Book Review: “Poppy and Rye” by Avi

by Avi

This is the sequel to Poppy, and the second of four books in the Tales from Dimwood Forest.

Poppy, our little deermouse heroine, has set out to find the family of her late fiancé Ragweed, so she can tell them how he lived and died. She cajoles her porcupine friend Ereth into going along. Wouldn’t you know it, Poppy meets Ragweed’s brother Rye, and the two fall in love at first sight.

But before anything can come of it, Rye has become a hostage to a beaver “construction company” that has been turning the peaceful brook into a pond filled with beaver condos. These are the same beavers whose pond has driven the golden mice out of their longtime nest, to a dank hole under a bolder in higher ground. In their cheerful, progress-worshiping way, the busy beavers plan on turning the pond into a lake– and now they have their sights set on the boulder. They want to use their little mouse prisoner– Rye– as leverage to get the other mice to move away.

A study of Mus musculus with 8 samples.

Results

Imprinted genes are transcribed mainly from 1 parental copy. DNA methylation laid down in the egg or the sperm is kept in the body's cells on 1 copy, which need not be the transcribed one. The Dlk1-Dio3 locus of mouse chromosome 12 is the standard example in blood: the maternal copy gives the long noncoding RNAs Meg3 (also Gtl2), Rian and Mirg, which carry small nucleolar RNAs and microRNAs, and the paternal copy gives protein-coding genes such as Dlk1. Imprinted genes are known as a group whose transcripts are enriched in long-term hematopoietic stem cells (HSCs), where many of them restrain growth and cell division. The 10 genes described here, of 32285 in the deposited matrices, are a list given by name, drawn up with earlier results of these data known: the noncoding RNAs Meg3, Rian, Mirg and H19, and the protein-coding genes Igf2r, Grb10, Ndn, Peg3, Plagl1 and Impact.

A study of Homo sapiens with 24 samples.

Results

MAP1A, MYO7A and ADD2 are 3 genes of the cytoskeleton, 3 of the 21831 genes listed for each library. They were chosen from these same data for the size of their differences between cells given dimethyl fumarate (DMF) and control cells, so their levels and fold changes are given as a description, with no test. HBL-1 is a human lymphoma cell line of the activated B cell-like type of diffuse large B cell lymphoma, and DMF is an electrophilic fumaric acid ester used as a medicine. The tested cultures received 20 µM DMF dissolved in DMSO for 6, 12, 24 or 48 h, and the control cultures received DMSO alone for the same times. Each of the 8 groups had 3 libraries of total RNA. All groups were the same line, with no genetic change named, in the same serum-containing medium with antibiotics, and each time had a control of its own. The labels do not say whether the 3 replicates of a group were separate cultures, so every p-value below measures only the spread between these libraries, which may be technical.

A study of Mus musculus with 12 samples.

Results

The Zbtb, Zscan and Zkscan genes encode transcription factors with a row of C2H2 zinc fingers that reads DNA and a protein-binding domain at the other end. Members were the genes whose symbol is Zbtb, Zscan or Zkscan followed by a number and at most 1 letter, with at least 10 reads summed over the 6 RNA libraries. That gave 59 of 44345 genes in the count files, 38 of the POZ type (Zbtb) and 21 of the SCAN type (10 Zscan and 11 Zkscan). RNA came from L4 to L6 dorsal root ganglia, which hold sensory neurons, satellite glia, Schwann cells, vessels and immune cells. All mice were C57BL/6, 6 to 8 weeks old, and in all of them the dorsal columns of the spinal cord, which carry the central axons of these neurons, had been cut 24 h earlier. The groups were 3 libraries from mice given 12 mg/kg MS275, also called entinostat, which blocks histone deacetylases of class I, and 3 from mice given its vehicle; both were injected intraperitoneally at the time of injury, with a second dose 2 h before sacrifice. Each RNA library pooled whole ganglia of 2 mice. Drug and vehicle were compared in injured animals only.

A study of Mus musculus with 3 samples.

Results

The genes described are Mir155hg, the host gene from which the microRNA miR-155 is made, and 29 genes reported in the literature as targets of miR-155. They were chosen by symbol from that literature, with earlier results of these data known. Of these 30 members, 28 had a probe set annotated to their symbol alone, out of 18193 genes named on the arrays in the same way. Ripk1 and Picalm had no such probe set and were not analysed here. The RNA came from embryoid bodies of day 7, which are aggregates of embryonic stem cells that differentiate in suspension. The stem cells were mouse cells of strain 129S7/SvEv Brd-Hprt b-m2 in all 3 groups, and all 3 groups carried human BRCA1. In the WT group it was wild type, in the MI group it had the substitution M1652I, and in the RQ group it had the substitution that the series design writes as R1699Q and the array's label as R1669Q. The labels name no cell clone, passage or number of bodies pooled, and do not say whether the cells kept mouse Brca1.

Poppy is determined not to let that happen. She wants to save Rye, and spend the rest of her life with him. She inspires the mice to fight back against the beavers, with a little help from a prickly friend. And in a daring jailbreak plot, Poppy infiltrates the beaver lodge in an attempt to set Rye free.

Will there be more loss and heartbreak? Or will the small and plucky prevail again over the big and greedy? The answer to that, and the question of Poppy and Rye’s future happiness, depends in part on the outcome of a very, er, sticky love triangle. Or maybe a love-hate square, if you count dead mice.

It’s a charming adventure. The beavers make for unusual villains, but they might remind you of certain people we all know. Their cliché-ridden, nasty-nice chatter is irritating, while the mice (and porcupine) stand out as fully-fleshed characters with emotions that move you, trouble you, and delight you. There is a healthy dash of humor, including twisted expressions such as “Wait till you can see the gap between their teeth!”

And once again, I advise against reading the series in the order Harper Trophy arranges them. I recommend the Avon Camelot edition instead. Both contain the same lively illustrations by Brian Floca. Enjoy!